Stefano Barbosa, 37, was found inside a car that had rolled over a chain link fence and hit a palm tree at 500 Northwest 19th Avenue in Fort Lauderdale on Feb. 1. After being alerted about the crash by the homeowner, officers on the scene found that Barbosa had been shot in the chest and had a wallet with a pulled-out Bank of America debit card on him.
A later investigation uncovered multiple details around the gory incident, including a medical examination showing that the shooter had been in the passenger seat of the car and surveillance camera footage showing that Barbosa had been at a quadriplex on Northwest 15th Terrace to have tenants sign some documents.
On March 9, news broke that 15-year-old Henry Lee Lewis III was arrested on charges that include second-degree murder and armed robbery. Surveillance footage showed a suspect dressed in a ski cap and all-black clothing following Barbosa, who had both hands in the air, to his car. Later video evidence showed Barbosa making two $500 withdrawals at a Bank of America ATM before the perpetrator shot him and fled the scene, abandoning him in his car.
Our thoughts are with the family and friends of real estate professional Stefano Jammel Barbosa. Please remain diligent, friends. 💗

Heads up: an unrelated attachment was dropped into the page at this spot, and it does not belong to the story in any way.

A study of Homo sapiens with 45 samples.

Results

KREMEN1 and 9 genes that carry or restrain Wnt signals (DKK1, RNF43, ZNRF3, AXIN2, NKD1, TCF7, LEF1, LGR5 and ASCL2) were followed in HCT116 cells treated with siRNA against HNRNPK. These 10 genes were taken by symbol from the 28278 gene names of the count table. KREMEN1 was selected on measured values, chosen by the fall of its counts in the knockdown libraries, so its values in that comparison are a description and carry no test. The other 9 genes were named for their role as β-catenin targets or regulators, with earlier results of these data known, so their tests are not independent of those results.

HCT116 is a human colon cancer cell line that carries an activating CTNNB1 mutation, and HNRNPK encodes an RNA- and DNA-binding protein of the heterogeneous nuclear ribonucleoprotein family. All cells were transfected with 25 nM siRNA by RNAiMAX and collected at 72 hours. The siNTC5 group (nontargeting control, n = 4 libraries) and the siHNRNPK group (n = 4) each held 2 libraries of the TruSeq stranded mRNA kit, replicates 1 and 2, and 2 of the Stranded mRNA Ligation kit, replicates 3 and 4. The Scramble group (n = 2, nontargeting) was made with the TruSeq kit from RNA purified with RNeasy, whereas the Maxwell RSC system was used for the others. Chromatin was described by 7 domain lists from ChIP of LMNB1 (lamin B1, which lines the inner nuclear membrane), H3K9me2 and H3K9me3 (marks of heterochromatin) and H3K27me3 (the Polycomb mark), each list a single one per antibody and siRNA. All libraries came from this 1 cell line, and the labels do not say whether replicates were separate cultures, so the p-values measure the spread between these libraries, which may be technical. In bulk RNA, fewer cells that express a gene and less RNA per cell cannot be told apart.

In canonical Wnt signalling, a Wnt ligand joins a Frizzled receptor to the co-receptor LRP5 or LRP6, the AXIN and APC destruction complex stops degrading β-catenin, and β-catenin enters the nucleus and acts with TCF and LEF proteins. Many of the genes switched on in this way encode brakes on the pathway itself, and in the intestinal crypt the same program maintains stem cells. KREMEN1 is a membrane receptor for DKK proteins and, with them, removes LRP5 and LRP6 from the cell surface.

A search of Lewis’ phone helped identify where Barbosa was abducted, the bank and the car crash, according to the police report. A search of his internet history also showed that he had searched and viewed a story about the shooting.
Lewis was identified as the suspect by both detectives and school staff from the K-12 Cross Creek School who were shown surveillance footage. NBC reports that Lewis is being held without bond at the Broward County Jail (he was initially held at a juvenile facility) and is being charged as an adult. His prior arrest records included burglary charges as well as resisting arrest and battery on a police officer.
“I know it says you’re 15 years old, but you’ve been charged as an adult with a first count of murder while engaged in a… robbery with a firearm,” Judge John Murphy told Lewis at the bond hearing. “Those are not bondable offenses.”
Barbosa had at different points been an independent licensed agent and worked at Homeinc Realty. When news of his death broke, colleagues, safety advocates and professional associations expressed their grief on social media.
“Our thoughts are with the family and friends of real estate professional Stefano Jammel Barbosa,” the Beverly Carter Foundation, a foundation that was launched in the name of an agent who was killed after attending a home showing in 2014, said in a Facebook post. “Please remain diligent, friends.”
“Regardless of the neighborhood or part of town, always exercise caution, be alert and aware of your surroundings at all times,” real estate safety expert Tracey Hawkins told Inman in an email. “Don’t assume a neighborhood is ‘good’ or ‘bad.’ Criminals travel.”